Filmmaker and activist Soraya Miré will be in Atlanta on Wednesday, Oct. 12, 7:30 p.m. at Charis Book to discuss her stunning memoir, The Girl With Three Legs. Miré’s is a survivor of childhood female genital mutilation (FGM), an ancient rite of passage sometimes known as female circumcision, in her native Somalia
In her memoir, Miré talks about her experiences and about working closely on the FGM issue with the United Nations, the World Health Organization, the UN Population Fund with Face to Face, as well as Amnesty International and other non-governmental organizations. For the past 29 years, she has worked to combat violence against women and children. I interviewed Miré last month about the memoir.
You’ve long been speaking out against female genital mutilation (FGM) and created the documentary Fire Eyes about the barbaric practice – what motivated you to finally write down your story in the new memoir?
My work is to persistently talk about the hidden struggle of women who have been mutilated. As children, no one asked for our consent before dragging our healthy bodies into the mutilating ritual and throttling our existence. We couldn’t shout abuse because we were told it is our destiny and we knew nothing about our basic human rights. Because of that private pain, we can now tell our stories. We can shout loudly that FGM is a violation of the Declaration of the Rights of the Child. As survivors of FGM, we cannot just sit and take it. We must stand up and use that terrible experience for good. Telling our stories will indict any parent or society that views the violence against children as a cultural norm. Writing this memoir is meant to inspire and help other survivors march onward to end the horrendous act of FGM. Now, I’m releasing it to the world as I continue to hold the light and protect every child’s human dignity.
FGM continues to be practiced in many countries under the auspices of it being a “cultural” tradition. In your years as an activist, have you seen rejection of the custom? How is education being spread in your native Somalia and elsewhere?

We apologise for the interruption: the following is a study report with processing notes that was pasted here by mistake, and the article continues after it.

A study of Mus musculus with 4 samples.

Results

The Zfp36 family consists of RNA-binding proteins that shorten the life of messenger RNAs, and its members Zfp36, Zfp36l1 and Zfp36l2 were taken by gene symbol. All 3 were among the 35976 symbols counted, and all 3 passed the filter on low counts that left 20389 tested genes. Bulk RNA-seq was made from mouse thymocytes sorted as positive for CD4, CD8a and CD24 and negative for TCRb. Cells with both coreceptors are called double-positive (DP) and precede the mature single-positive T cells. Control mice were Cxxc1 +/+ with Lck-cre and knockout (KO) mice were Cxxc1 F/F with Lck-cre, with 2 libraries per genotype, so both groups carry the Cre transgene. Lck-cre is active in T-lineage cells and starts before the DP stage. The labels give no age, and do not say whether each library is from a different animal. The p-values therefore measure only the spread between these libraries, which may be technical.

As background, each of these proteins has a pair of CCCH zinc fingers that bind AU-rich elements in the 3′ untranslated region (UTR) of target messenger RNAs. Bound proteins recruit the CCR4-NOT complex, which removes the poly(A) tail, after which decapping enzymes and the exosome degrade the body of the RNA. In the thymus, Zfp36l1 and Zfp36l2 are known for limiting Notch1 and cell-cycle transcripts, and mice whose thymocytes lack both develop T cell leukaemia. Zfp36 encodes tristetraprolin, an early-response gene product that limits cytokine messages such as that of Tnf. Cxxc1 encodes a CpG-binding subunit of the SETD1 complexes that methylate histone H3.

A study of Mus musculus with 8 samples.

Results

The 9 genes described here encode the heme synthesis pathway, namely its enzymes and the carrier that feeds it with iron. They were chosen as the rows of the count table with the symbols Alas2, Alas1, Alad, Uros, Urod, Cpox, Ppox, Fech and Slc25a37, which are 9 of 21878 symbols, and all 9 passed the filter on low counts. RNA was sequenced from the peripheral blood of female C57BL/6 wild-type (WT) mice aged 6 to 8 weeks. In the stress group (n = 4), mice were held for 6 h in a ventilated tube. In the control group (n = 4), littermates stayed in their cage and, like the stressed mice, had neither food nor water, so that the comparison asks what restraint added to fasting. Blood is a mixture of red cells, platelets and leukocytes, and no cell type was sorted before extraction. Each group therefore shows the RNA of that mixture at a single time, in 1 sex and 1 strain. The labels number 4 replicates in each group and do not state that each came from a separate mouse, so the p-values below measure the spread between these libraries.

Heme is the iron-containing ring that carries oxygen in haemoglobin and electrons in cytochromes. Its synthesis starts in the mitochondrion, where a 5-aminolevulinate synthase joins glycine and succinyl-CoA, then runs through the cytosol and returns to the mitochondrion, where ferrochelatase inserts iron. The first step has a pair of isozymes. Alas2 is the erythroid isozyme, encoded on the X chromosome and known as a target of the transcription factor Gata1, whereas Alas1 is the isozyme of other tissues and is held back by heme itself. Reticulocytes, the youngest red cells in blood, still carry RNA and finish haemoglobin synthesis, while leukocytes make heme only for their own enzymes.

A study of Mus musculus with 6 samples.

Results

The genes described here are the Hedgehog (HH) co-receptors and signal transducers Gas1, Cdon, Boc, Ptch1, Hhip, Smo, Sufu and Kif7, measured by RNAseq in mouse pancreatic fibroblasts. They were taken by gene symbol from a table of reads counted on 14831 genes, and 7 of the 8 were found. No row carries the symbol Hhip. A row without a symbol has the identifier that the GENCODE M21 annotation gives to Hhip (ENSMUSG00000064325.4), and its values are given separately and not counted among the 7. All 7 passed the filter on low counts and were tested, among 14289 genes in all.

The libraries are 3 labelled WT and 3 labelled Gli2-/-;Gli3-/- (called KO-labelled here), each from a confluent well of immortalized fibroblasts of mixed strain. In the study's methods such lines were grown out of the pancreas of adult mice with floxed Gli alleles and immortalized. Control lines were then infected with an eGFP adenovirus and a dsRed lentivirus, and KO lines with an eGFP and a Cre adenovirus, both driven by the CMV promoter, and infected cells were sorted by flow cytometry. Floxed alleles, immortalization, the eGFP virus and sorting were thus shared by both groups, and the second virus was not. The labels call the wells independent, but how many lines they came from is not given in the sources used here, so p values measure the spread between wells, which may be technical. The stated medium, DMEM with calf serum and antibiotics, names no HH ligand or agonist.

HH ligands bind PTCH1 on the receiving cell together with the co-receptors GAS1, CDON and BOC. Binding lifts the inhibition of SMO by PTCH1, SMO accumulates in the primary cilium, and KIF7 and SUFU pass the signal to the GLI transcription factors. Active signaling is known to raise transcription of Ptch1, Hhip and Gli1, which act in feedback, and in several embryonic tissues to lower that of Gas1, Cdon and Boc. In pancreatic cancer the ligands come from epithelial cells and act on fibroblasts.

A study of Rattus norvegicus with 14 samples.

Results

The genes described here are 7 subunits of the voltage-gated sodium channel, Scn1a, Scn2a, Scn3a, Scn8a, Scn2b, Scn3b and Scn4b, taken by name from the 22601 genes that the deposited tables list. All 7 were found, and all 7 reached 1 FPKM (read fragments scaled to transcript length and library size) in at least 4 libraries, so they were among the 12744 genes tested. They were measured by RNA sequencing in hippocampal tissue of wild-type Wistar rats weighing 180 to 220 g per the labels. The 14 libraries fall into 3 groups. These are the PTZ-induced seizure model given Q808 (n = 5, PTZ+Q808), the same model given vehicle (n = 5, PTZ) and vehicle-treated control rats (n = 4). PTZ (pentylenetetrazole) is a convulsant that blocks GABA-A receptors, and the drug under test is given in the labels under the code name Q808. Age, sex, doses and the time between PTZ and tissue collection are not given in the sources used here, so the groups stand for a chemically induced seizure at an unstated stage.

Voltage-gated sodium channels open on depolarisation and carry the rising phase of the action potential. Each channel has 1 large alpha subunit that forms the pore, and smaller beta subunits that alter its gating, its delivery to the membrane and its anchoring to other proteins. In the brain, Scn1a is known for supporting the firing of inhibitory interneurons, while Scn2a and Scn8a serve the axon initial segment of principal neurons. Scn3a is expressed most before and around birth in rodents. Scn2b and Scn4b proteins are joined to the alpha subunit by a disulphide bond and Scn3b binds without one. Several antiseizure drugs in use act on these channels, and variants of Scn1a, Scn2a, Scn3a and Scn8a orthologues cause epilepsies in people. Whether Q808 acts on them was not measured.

In Africa, we have 26 countries that continue to practice FGM. Those communities believe their faith asks them to do it and that the ritual will help their daughters’ marriage-ability. Many feel the mutilation enhances a woman’s hygiene by removing the external genitalia. Last June in Hargeisa, the Unicef Somalia reported that 70 religious leaders and some high officials declared their commitment to end all forms of FGM. Things are changing as the UN and other NGO’s continue with their educational campaign against FGM. Education is the key to stopping the torture of this practice. Now we’re seeing a strong commitment from the local communities working together to end the ritual. It has been an uphill battle to change the rigid mindset of traditionalists who believe FGM is the only path for their daughters to be honorable and have good standing in the Society. But now there are those well-respected FGM practioners putting down the knives and urging the parents to stop the ritual. In Senegal, with the help of Tostan’s Human Rights Education, 5,000 villagers have abandoned the practice.
FGM is a deeply personal assault, but you were able to find your voice to speak out about it. How do you encourage other women to come forward and share their stories?
FGM is a human tragedy and is one of the most disgraceful abuses of girls. I encourage my fellow survivors to simply forgive those cruel hands that left the deep scars in mind and body. Once they do that, they can heal and transform their own lives.
For more about the reading, visit the Charis website at this link.